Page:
HRC: New FBI hate-crimes statistics "harrowing"


Hate crimes in America rose by about 5 percent in 2016, according to data released by the Federal Bureau of Investigation on Monday.

More specifically, approximately 50 percent of the crimes were related to racial bias against Blacks, while 20 percent represented bias against Whites, 11 percent represented bias against Hispanics/Latinos, and 7 percent represented bias against American Indian and Asian groups.

Of 111 hate-crimes reported by law enforcement agencies in IL, 21 were on the basis of sexual orientation and three were on the basis of gender identity. Additionally there were 58 multiple-bias hate crime incidents involving 106 victims. In March, HRC joined 155 other civil and human rights organizations [ ] in urging the Trump administration to more strongly respond to bias-motivated acts of violence and intimidation.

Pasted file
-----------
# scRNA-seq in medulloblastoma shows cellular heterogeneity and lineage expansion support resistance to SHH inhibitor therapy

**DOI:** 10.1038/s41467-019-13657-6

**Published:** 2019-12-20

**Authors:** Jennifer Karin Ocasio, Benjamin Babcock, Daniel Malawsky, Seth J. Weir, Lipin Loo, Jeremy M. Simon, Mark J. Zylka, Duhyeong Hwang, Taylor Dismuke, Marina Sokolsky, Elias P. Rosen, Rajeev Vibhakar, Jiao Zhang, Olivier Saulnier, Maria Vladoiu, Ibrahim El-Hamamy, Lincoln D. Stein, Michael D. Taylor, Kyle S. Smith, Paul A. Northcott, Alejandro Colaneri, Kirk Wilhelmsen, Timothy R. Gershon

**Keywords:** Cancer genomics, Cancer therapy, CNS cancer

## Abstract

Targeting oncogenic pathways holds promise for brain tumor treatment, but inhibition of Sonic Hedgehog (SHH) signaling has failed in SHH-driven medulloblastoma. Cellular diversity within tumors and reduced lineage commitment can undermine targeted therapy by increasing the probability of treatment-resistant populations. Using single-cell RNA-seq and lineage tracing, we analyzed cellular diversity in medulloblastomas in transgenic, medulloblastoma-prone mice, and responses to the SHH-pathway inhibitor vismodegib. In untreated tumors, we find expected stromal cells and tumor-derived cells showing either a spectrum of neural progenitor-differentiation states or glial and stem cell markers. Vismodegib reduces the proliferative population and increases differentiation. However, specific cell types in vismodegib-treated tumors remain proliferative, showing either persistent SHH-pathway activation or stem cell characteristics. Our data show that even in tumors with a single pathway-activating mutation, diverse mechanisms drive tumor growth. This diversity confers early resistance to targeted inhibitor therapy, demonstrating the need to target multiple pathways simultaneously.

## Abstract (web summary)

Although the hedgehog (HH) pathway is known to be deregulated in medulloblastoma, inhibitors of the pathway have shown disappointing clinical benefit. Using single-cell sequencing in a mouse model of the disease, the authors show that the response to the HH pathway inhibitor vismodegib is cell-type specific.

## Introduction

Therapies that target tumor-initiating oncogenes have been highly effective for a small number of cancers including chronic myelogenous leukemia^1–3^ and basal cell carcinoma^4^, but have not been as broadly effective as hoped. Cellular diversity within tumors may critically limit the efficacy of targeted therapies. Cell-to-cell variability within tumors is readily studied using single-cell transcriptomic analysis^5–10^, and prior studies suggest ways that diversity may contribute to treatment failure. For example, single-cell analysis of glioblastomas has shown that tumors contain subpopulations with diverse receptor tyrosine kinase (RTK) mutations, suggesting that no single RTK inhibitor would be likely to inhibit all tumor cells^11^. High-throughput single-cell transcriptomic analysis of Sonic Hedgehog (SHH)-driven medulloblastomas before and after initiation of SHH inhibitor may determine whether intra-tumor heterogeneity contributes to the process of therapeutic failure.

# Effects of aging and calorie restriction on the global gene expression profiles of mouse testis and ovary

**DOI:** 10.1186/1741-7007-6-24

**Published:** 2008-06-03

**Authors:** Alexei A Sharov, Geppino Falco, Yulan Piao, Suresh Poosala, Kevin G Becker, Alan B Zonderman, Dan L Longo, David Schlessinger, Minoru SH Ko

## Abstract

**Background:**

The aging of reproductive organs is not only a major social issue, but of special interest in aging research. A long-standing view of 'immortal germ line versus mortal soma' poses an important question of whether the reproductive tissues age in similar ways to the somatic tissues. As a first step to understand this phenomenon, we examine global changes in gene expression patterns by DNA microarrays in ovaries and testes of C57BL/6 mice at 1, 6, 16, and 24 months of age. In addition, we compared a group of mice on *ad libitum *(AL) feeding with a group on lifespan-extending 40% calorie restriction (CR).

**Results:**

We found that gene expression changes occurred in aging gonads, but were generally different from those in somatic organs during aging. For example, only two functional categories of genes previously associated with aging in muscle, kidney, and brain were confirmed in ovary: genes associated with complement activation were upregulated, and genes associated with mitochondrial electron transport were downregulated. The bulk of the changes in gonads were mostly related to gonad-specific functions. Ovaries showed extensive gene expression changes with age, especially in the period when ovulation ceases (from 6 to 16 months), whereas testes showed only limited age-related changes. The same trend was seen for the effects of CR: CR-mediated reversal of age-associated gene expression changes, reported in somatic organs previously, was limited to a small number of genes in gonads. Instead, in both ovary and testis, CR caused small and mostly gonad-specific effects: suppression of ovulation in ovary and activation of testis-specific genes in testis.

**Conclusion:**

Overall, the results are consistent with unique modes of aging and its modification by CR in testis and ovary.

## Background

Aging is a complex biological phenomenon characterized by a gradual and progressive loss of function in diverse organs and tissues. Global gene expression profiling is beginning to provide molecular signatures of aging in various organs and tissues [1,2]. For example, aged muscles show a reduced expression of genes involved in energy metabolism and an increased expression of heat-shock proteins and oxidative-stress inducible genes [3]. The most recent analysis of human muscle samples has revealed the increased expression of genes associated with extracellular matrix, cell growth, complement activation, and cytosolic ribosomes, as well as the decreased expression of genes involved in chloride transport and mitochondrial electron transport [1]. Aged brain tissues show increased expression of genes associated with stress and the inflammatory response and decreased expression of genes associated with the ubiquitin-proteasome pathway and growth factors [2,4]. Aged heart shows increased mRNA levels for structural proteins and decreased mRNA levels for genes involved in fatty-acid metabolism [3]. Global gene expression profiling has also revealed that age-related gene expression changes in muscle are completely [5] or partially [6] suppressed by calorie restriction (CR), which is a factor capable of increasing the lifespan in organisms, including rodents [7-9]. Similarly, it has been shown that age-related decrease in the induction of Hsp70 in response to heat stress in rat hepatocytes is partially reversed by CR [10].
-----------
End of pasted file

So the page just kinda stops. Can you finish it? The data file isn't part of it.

One such murder victim was transgender 16-year-old Kedarie Johnson, who was shot and killed in March of 2016 in what prosecutors have labeled a hate crime.

The report was based on data voluntarily submitted by about 15,000 law enforcement agencies.


A bill that would've introduced a hate crime law in IN died in the legislature on the same day that the Indianapolis Jewish Community Center received a bomb threat. Anti-Jewish bias continued to lead in those offenses, accounting for 54.4 percent of cases. Of the 5,770 known offenders, 46 percent were white, and 26 percent were African-American.

There were 1,076 incidents involving lesbian, gay, bisexual or transgender people, with nearly two-thirds of those targeting gay men.

"The department of justice is committed to ensuring that individuals can live without fear of being a victim of violent crime based on who they are, what they believe, or how they worship", attorney general Jeff Sessions said in a statement. The community has been a victim of hate crimes as they are usually mistaken as Arabs due to their turbans.